Confessions of a bored psephologist

Is it just me, or is this general election the most tedious on record? Perhaps I’m getting jaded. Maybe the meaningless of the electoral ritual, after which the government always wins, is finally getting to me. But it’s proving difficult to get enthused, or even engaged.

Two weeks before polling day and we’ve had just one leaflet through the door from our complacent Tory MP, grinning like a Cheshire cat at the prospect of an easy return. Things on the streets seem eerily subdued, as if the people are sheep-walking to the inevitable Tory victory. Switch on the TV news and all we find is the BBC transformed into an extended Conservative Party Political Broadcast, wheeling out any old right-wing Labour has-been to fill a spare slot to have a go at that evil softie Corbyn.

As the BBC subtly hammers home the implicit contrast with the ‘strong and stable’ prime ministerial quality of the TMaybot, the only thing of interest left is how big a majority it’ll be. Will it qualify as a landslide? Will Labour survive? Will Tony Blair rise from the dead to reinforce belief in globalisation and greed?

On the right ex-Ukip voters appear stubbornly determined to punish Theresa May by ensuring she sees out the brexit negotiations and ultimately becomes the most reviled British prime minister ever. ‘Strong and stable’ fools nobody but the starry-eyed forelock-tugger.

Meanwhile, in the centre, as the likelihood of a Tory Government passes beyond inevitable, political discourse goes little further than a near hysterical call to the faithful to vote ‘tactically’. No matter whether it makes little psephological sense and ignores the numbers. No matter who the candidates are. No matter if it’s a blatant cover for tribalism or not. Just ‘stop the Tory’! I said ‘STOP THE TORY’!!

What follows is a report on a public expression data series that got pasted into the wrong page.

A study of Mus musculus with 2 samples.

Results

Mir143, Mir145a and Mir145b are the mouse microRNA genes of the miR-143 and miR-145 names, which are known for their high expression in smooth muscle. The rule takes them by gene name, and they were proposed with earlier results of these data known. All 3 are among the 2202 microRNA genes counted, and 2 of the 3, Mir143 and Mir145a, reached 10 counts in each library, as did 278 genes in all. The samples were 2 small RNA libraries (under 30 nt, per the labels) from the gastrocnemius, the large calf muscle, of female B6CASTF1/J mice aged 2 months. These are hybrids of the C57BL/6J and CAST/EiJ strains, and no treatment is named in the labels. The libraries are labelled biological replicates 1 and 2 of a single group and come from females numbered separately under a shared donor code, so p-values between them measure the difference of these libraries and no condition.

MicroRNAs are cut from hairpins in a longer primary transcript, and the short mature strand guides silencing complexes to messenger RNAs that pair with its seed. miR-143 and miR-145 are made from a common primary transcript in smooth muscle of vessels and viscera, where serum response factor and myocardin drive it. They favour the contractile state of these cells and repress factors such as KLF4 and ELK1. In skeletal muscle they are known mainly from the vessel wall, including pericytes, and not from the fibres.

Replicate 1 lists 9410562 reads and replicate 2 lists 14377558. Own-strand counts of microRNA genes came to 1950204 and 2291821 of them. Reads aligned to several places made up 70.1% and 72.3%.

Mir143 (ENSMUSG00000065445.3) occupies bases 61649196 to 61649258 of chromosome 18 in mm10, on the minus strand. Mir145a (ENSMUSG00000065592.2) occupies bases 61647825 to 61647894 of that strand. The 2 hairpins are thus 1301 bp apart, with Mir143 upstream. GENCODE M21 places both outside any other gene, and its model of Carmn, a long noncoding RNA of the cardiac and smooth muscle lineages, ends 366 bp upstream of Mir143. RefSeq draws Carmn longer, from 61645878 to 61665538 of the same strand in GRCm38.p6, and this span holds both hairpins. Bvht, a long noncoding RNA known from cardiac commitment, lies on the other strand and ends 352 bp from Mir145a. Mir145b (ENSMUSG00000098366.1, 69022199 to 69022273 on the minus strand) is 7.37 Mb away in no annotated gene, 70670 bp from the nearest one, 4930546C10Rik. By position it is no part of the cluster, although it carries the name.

In Cornwall things are even more febrile. The number of candidates in this election is – at an average of four per constituency – the lowest since 1987. Furthermore, it’s easily the lowest of all the nations of the UK. In two constituencies the choice is confined just to the three old Westminster parties. Somehow, I can’t get that riveted by the prospect of a return to the 1950s and the politics of nostalgic deference. We seem to be drifting hopelessly towards a Gilbert and Sullivanesque political mind-set where

‘every boy and every gal
That’s born into the world alive
Is either a little Liberal
Or else a little Conservative!’

It’s just getting altogether too weird. Recently we saw the Tories win the Cornwall Council elections, gaining 15 seats in the process. But then the same old coalition of incompetents as before – Lib Dems and Independents – end up in theoretical control of the Council, despite losing a combined seven councillors. The winners came second and third, the losers came first. Can we hope the general election gives us the same result please?


4 thoughts on “Confessions of a bored psephologist

  1. Suppose the election’s tediousness depends on how secure, confident and confortable you and yours feel under current circumstances. To some of us it feels like a matter of life or death.


    • The assumption that the main motivator in voting is materialism, standards of living and economic circumstances has been pretty soundly rejected since the 1990s, undermined by the effect of cross-(main) parties’ neo-liberal policies, I suspect. As evidence for that it was interesting to see the socio-economic group breakdown in the latest poll in the Times. That showed the gap between Tory and Labour was closing fastest among the AB groups (i.e. the more comfortable), while the CDE groups were sticking with May. This is of course the opposite of the voting pattern of the later 20th century. If feeling insecure and being economically vulnerable was the main predictor for electoral engagement then we should expect turnout among the poor to be higher than the better-off. Unfortunately, it isn’t.


      • No Bernard, you show signs of having been an academic too long. I write about feelings and you respond with statistics. I am not analysing anything, or attempting a psephological theory, I am saying that as human being, as a father, as someone who will be old, as a worker on a zero hours contract, as a citizen of Cornwall and the UK, I am personally so frightened by the prospect of five more years of misanthropy, selfishness and social vandalism under May that I do not feel I have the luxury of boredom (!) or of failing to try and do something about it. Please stop being bored (bored! Who could be bored with stakes this high?) and help us make the change people need.


  2. We can’t all be the same, Paul. You do the passion and I’ll stick with the stats. The means may differ but the ends aren’t that disconnected.

    … and even different means can be complementary.